Fans Behaving Badly
Misbehavior and violent incidents are nothing new at sporting events, but what is it that turns a fan into a fanatic, and where does it stop?
From the Print Edition:
Sopranos, Mar/Apr 2007
At halftime they decided to take out their frustrations on a 19-year-old fan named Frank Olivo, who had been asked to run down the field in his Santa Claus outfit. The first snowball had some force, having been fired from the upper deck. By the time Santa's trek downfield and betwixt the cheerleaders neared the end zone, more than 100 icy balls had been thrown, dozens of them hitting a lean, ill-protected Santa. The Philadelphia Inquirer wrote that "Santa made his tour of the stadium, waving cheerfully in the best holiday tradition. The fans responded, pelting him with snowballs, in the worst Philadelphia tradition."
The year 2006 gave us one of the best examples of fan disobedience—civil disobedience. There's a long tradition in American life and elsewhere that teaches us that disobedience can be very effective when it's nonviolent. Henry David Thoreau, Mahatma Gandhi and Martin Luther King are shining examples of this idea. When Barry Bonds came to Philadelphia last May, still in quest of Babe Ruth's No. 2 spot on the all-time home run list, clever fans in the left field bleachers didn't throw things at him, but held up enormous posters emblazoned with asterisks. The message of these protests was clear enough: Bonds's home run total was tainted because of steroid use. One college student had a sign taken away by stadium officials that pointedly asked "Got Roids?" But another's "Got Juice?" sign was permitted. Bonds was booed every time he stepped to the plate and the fans in left field rained a nonstop torrent of riotous language on the slugger. Some chanted "Just inject me" while others serenaded him with pleas to "Just retire."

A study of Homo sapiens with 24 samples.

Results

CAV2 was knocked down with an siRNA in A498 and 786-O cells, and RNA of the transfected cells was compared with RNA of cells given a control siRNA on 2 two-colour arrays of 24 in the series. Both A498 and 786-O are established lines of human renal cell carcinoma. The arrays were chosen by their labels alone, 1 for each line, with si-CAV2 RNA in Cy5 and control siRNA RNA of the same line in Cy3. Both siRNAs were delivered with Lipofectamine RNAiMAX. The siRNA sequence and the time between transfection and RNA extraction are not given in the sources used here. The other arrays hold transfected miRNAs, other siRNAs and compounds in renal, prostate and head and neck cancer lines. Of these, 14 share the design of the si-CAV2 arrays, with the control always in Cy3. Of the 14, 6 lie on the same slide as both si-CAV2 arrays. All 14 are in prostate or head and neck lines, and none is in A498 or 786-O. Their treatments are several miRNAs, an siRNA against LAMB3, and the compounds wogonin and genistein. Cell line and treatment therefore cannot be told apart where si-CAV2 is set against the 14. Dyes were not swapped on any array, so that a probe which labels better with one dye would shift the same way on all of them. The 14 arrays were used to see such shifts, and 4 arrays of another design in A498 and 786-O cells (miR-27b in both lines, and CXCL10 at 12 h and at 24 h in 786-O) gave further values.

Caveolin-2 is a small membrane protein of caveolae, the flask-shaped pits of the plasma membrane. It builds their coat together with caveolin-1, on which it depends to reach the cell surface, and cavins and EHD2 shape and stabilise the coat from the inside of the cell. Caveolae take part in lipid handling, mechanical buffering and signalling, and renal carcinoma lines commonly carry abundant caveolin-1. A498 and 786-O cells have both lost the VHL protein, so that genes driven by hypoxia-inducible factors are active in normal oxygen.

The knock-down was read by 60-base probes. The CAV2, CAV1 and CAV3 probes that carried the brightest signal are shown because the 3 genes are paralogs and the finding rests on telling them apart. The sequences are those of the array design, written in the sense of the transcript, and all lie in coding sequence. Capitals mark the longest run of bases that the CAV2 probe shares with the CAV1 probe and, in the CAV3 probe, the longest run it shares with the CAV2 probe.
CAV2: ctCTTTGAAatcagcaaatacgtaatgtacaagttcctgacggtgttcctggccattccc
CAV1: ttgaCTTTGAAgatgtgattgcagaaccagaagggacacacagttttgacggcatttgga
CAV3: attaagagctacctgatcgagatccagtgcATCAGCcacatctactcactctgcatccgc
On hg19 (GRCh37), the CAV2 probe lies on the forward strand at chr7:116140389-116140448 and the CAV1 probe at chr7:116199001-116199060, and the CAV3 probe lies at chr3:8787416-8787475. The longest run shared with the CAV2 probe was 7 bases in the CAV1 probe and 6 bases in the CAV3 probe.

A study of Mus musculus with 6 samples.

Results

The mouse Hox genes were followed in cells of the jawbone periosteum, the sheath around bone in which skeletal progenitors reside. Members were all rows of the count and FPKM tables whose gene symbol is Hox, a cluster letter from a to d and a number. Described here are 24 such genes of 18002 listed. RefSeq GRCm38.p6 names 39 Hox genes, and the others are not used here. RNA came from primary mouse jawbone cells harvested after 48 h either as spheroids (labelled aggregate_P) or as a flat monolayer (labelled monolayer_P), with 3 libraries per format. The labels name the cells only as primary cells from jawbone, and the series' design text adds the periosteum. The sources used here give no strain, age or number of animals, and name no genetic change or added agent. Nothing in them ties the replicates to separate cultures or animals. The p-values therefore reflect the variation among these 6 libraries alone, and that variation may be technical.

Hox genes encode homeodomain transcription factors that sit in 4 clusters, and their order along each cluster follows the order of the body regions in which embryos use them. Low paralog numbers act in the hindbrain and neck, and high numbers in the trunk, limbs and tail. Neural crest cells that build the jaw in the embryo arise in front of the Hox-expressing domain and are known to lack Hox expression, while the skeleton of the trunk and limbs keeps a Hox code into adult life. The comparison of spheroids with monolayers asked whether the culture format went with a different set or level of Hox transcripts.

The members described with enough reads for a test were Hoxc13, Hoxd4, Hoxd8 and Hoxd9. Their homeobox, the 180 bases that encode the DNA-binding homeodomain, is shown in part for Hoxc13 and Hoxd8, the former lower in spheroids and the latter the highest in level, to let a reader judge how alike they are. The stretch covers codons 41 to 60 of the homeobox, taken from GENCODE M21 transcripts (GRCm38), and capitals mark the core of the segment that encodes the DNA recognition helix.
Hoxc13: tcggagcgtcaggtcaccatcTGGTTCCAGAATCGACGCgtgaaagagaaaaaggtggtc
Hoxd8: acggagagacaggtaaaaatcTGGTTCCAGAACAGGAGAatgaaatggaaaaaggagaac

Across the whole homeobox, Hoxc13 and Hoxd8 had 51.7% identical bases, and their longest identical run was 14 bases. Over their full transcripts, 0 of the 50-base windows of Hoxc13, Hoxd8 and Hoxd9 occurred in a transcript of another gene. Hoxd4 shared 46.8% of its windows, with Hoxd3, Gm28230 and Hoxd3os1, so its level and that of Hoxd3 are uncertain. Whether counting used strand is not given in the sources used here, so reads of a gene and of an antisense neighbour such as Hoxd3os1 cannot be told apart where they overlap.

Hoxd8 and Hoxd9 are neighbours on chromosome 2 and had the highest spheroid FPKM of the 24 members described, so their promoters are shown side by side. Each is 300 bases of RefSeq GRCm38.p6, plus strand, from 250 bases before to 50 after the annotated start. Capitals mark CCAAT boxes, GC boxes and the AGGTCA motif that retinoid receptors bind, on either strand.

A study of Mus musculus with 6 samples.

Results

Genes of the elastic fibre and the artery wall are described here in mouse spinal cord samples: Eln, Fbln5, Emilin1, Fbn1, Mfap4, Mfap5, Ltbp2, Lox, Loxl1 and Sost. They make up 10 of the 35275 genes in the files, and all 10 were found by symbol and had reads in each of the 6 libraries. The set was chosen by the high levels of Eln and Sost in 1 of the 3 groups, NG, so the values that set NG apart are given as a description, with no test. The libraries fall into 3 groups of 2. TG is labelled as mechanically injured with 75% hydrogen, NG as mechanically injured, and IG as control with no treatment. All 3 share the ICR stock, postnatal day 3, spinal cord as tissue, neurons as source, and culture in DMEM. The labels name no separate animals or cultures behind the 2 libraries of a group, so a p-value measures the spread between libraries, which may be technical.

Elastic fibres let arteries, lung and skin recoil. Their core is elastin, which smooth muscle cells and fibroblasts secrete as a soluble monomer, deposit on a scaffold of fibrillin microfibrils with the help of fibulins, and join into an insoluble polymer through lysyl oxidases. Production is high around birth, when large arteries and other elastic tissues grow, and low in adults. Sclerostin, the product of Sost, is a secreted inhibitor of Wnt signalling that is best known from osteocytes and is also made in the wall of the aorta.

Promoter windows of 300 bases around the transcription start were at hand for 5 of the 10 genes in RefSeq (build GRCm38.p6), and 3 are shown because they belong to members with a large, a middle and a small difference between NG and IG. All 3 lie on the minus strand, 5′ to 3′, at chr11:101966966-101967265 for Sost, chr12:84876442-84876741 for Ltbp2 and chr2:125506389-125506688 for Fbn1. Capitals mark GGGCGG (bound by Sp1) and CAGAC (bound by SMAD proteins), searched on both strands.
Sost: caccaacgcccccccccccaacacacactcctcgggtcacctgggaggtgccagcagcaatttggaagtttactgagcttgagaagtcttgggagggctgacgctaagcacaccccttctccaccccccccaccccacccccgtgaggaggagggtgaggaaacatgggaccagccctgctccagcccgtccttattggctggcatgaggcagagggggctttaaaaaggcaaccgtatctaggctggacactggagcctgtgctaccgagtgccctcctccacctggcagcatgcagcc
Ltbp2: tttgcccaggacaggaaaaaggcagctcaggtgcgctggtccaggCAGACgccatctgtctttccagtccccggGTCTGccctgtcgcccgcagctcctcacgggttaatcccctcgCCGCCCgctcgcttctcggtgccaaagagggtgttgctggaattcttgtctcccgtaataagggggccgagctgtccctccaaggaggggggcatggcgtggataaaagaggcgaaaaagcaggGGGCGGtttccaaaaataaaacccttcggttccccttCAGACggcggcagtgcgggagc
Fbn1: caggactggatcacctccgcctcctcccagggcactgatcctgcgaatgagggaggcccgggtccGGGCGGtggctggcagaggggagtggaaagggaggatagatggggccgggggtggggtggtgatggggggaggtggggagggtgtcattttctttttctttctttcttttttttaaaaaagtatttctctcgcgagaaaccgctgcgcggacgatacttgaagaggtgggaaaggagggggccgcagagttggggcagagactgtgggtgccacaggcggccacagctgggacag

What do you do if fans around you get out of hand? Take heart, there are remedies. Spectators now have a way to protect themselves from ill-mannered fans. At least Bengals fans at Paul Brown Stadium do. They can call a hotline—513-381-JERK—to report unruly fans to security. Alas, fans can even fight back against fans.
Kenneth Shouler, from Harrison, New York, was managing editor and a writer for Total Basketball: The Ultimate Basketball Encyclopedia (Toronto: Sports Media Group, 2004).